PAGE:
May is Mental Health Awareness Month. This month gives us an opportunity to raise awareness of those living with mental health issues and to help reduce the stigma behind them. All of our worlds have been uprooted these past couple of months. Jobs lost, people we know sick, money tight, important plans uprooted. Every single one of us has been affected by COVID-19. For those with diagnosed mental illnesses, anxiety, and depression, this time has not been easy, to say the least. Others who may have never struggled before may now be finding themselves battling mental health issues.
If you suspect that you or someone you know might be suffering with mental health problems, read these warning signs from mentalhealth.gov and encourage them to reach out for help.
The Center for Disease Control gives several helpful tips to cope with the added stress this time may be putting on your mental health right. We have expanded the list to give you even more useful strategies to improve your mental health.
1, Take a Break from the News
Keeping informed on the latest world happenings is not a bad thing. However, too much news consumption could leave you feeling on edge, stressed, or helpless. Turn the channel or take a break from reading your favorite news sources.
2. Take Care of Yourself
Avoid using alcohol or smoking to cope. Make sure you are getting adequate sleep. Find joyful ways to move your body, such as going on a walk. Give yourself plenty of nourishment. This might be an apple some days and chocolate chip cookies on others!
3. Make Time to Unwind
It is okay to rest and be unproductive. Binge your favorite Netflix series or get lost in a new book. Do the activities that make your heart happy! Unwinding could also include daily stretching and breathing exercises.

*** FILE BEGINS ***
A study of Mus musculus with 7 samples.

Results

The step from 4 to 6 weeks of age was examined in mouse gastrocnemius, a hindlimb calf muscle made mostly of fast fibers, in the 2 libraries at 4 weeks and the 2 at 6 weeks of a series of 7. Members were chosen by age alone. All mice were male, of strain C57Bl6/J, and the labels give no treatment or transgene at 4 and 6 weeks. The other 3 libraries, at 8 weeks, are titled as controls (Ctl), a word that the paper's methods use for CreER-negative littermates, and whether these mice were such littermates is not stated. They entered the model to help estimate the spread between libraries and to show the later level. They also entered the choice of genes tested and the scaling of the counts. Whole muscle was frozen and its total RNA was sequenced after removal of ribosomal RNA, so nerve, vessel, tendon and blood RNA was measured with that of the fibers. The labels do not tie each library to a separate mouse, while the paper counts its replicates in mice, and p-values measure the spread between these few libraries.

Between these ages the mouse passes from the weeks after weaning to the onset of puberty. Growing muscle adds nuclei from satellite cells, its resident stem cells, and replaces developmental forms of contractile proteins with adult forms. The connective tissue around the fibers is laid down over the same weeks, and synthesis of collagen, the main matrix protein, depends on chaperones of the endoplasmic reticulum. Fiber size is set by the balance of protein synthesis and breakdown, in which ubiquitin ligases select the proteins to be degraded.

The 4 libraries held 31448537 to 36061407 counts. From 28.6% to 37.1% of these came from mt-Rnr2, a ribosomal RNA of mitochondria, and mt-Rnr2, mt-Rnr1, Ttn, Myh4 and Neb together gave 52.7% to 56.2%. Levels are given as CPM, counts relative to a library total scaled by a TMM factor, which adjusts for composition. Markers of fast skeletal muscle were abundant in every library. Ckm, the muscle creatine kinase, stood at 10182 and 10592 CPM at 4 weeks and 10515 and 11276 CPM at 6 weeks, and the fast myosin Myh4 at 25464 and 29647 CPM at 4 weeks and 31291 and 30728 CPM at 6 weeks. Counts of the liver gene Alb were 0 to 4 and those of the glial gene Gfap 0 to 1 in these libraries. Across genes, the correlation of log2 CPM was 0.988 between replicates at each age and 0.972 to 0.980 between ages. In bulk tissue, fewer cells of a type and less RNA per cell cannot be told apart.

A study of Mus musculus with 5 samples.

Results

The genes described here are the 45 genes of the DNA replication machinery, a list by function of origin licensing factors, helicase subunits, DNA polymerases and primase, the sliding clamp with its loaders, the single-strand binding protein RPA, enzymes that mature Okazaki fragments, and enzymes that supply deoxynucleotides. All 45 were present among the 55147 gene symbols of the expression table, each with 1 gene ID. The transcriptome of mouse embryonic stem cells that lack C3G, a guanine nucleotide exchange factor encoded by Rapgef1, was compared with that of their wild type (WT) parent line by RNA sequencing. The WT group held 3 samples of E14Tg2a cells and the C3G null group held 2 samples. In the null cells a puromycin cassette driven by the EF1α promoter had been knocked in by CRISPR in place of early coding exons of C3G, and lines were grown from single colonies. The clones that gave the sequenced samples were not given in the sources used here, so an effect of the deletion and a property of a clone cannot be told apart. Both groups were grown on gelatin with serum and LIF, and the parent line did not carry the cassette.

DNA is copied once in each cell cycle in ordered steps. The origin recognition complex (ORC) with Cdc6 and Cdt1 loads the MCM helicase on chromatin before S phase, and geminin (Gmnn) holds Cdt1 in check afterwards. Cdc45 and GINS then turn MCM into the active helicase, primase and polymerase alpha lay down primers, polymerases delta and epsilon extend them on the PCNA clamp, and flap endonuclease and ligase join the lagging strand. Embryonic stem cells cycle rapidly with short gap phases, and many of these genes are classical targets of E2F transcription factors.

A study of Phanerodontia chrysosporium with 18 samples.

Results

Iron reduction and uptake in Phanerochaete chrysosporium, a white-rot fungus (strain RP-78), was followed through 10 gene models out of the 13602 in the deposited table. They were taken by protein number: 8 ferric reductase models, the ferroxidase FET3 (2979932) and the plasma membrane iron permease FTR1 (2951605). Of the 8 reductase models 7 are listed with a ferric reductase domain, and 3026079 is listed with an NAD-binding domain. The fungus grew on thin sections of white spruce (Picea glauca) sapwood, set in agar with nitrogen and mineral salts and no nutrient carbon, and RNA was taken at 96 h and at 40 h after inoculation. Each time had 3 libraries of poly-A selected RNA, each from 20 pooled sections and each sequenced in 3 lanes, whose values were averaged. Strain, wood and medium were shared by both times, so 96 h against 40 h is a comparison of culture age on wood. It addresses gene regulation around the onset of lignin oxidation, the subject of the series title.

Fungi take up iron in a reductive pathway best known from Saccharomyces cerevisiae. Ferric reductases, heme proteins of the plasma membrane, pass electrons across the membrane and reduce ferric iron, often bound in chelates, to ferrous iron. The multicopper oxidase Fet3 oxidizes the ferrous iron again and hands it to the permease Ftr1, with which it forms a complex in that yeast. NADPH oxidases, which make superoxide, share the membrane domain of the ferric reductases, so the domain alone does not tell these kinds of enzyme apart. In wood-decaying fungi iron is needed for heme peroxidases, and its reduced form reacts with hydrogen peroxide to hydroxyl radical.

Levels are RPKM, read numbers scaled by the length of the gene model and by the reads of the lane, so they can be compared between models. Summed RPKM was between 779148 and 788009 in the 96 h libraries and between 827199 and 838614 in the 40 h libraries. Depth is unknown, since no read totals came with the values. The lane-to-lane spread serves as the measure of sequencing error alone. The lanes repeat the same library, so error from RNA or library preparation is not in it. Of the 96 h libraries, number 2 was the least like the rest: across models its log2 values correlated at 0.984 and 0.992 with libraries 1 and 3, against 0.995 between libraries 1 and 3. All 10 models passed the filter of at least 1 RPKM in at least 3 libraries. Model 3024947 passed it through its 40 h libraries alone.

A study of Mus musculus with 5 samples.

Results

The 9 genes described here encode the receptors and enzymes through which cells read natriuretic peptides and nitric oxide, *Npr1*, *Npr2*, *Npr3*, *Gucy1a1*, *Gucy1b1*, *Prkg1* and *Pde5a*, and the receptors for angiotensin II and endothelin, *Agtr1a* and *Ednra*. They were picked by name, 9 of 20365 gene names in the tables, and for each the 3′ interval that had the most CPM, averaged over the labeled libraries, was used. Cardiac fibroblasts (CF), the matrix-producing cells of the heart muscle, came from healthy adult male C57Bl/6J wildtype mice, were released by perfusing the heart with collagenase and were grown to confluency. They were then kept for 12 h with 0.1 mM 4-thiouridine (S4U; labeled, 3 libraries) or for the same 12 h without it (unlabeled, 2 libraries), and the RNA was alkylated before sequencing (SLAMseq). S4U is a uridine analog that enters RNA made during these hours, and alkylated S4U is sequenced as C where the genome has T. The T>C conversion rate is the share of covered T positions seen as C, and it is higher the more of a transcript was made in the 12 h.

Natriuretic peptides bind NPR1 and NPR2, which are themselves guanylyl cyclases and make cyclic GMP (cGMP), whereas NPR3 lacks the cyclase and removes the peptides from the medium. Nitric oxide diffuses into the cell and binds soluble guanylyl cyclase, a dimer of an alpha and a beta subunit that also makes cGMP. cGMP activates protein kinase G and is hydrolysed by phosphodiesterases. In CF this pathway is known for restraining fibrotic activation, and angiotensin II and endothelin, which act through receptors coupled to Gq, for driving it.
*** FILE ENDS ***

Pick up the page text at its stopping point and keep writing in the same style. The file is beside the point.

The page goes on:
4. Connect with Others
Don’t let loneliness fester. Facetime a friend. Write a letter to a loved one. Drop off baked goods on someone’s porch. Have a socially distant visit outdoors!
5. Limit Social Media Consumption
We all love keeping up with our Facebook friends and businesses. But, if you find yourself feeling anxious after mindlessly scrolling for hours on end, it could be a good idea to set limits on your screen time. Most smartphones have options for this in settings.
The SAMHSA (Substance Abuse and Mental Health Services Administration) National Helpline is open 24/7, is free, and confidential. If you or someone you know needs help now, call 1-800-662-4357. The service provides referrals to local treatment facilities, support groups, and community-based organizations. Callers can also order free publications and other resources.
Do the best you can to take care of yourself and those around you, not just during COVID-19 or Mental Health Awareness Month, but always!